Ohio Legislators Want Medical Marijuana
Posted by Marijuana Doctors on 05/16/2013 in Medical Marijuana News
Recently, a new piece of legislation was brought before a key Ohio legislature that would allow for the use of marijuana for medicinal purposes. The measure, entitled House Bill 153, was introduced to the Ohio House of Representatives on May 2nd.
House Bill 153 was introduced before state legislators the same day as Joint Resolution 6 was brought forth. Joint Resolution 6 is a measure that seeks to allow an adult-use legalization measure for marijuana before the states’ voters. Co-sponsored by two fellow Democrats, the measure has an uncertain future. If passed, this measure would allow for patients with a written recommendation from a physician or caregiver, to posses up to two-hundred grams of usable marijuana and be able to cultivate up to twelve mature marijuana plants. As this amount may seem high, there is always the possibility for amendments to make changes.
The proposed measure does not include the authorization of medical marijuana dispensaries, but it does allow caregivers to be compensated for cultivating marijuana for registered patients. Registered caregivers must be 21 years of age or older and would be subject to having the same quantified limits. House Bill 153 would also enforce the protection of valid medical marijuana card holders from other states visiting the state of Ohio from arrest or prosecution if they are found in possession of marijuana.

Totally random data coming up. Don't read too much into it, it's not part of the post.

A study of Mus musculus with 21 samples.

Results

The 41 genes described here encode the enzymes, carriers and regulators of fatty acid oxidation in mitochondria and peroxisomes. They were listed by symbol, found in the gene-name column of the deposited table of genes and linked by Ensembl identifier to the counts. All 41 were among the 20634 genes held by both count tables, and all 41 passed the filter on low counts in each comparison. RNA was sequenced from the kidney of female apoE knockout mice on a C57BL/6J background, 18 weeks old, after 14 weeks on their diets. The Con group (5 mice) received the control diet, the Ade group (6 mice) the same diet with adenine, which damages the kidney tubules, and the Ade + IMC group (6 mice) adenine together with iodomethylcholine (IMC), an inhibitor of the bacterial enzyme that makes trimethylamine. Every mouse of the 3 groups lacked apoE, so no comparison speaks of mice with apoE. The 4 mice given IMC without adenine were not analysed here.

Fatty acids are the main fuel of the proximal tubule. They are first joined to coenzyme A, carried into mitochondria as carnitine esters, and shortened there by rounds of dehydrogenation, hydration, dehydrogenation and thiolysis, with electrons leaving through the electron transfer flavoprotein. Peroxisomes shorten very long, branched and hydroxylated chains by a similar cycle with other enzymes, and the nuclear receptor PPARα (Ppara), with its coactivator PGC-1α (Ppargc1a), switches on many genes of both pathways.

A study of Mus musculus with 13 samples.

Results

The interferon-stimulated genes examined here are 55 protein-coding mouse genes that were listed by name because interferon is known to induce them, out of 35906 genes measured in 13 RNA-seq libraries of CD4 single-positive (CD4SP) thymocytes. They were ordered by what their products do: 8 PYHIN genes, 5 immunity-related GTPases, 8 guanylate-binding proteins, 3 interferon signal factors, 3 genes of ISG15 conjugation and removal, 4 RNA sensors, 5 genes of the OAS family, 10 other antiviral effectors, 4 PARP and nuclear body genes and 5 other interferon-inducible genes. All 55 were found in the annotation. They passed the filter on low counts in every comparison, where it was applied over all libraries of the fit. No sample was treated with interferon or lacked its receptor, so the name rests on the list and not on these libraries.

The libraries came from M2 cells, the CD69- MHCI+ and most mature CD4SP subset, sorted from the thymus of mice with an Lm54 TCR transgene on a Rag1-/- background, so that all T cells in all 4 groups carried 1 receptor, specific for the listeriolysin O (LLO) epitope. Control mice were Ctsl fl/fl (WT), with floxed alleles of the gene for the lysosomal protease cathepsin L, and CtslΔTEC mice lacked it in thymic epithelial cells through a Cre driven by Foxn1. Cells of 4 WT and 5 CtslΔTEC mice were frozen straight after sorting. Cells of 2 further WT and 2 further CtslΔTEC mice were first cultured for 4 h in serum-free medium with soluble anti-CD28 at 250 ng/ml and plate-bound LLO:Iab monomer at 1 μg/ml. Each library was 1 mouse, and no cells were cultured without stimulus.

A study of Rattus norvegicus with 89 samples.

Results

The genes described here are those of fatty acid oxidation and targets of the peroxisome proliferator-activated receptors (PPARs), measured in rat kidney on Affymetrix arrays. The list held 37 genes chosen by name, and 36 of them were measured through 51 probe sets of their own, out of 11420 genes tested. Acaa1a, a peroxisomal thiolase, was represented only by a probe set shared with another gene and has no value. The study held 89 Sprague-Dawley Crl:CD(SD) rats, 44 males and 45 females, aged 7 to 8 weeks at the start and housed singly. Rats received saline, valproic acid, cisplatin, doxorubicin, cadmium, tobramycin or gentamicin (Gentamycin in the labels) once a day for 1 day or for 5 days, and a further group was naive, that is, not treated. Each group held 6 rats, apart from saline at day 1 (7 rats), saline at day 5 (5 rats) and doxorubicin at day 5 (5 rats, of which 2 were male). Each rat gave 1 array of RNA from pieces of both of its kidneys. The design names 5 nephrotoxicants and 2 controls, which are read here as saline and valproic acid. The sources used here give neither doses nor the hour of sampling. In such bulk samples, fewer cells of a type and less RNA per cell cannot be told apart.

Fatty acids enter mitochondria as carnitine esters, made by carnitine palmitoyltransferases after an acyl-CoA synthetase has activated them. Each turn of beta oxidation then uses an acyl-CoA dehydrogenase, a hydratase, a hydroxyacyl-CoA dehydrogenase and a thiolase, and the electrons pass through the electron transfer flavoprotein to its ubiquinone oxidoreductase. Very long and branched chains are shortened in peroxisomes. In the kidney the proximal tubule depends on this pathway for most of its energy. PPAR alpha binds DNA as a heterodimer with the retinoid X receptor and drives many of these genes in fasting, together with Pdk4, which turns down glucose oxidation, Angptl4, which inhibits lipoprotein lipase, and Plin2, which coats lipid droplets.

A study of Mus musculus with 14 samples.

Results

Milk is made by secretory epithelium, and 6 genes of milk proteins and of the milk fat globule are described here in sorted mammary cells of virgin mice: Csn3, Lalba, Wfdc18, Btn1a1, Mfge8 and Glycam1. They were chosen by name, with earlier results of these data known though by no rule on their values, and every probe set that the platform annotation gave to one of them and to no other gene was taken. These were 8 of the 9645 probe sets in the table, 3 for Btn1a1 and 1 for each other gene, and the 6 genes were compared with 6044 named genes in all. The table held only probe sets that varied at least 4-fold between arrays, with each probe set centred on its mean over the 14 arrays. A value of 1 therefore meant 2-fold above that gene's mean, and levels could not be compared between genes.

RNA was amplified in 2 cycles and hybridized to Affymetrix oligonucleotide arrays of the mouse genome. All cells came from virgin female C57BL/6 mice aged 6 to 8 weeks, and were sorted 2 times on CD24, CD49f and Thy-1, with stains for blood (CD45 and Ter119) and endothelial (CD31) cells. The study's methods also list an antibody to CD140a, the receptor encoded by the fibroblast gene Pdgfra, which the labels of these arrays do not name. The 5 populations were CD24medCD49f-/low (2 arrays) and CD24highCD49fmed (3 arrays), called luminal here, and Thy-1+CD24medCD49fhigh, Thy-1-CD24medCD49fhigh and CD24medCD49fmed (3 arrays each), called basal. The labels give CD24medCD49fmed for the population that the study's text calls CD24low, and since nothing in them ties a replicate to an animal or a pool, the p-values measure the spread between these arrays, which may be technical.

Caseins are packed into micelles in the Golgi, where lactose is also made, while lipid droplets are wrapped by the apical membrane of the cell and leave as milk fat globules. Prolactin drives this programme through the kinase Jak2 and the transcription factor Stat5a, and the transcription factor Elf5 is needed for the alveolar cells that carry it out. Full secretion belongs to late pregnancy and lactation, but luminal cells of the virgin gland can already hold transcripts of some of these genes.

The state would list its qualifying conditions for medical marijuana as being cancer, glaucoma, HIV or AIDS, hepatitis C, ALS, Crohn’s disease, Alzheimer’s disease, multiple sclerosis, any debilitating spinal cord injury or disease, nail patella, sickle cell anemia, celiac disease and cachexia, otherwise known as wasting syndrome. The bill would also accept qualifications for the conditions of severe or chronic pain, chronic nausea, epilepsy and seizures, and severe or persistent muscle spasms.
Under the proposed measure, the uses of medical marijuana in schools, public places or on public transportation will be absolutely prohibited. Employers would not be allowed to refuse work to medical marijuana patients and they would not be required to accommodate medical marijuana use in their place of occupation or working while under the influence of marijuana.
Currently, nineteen states and the District of Columbia have approved some form of medical marijuana legalization so that qualified patients can receive cannabis as a therapeutic treatment. It certainly hoped that the state of Ohio can eventually become number twenty.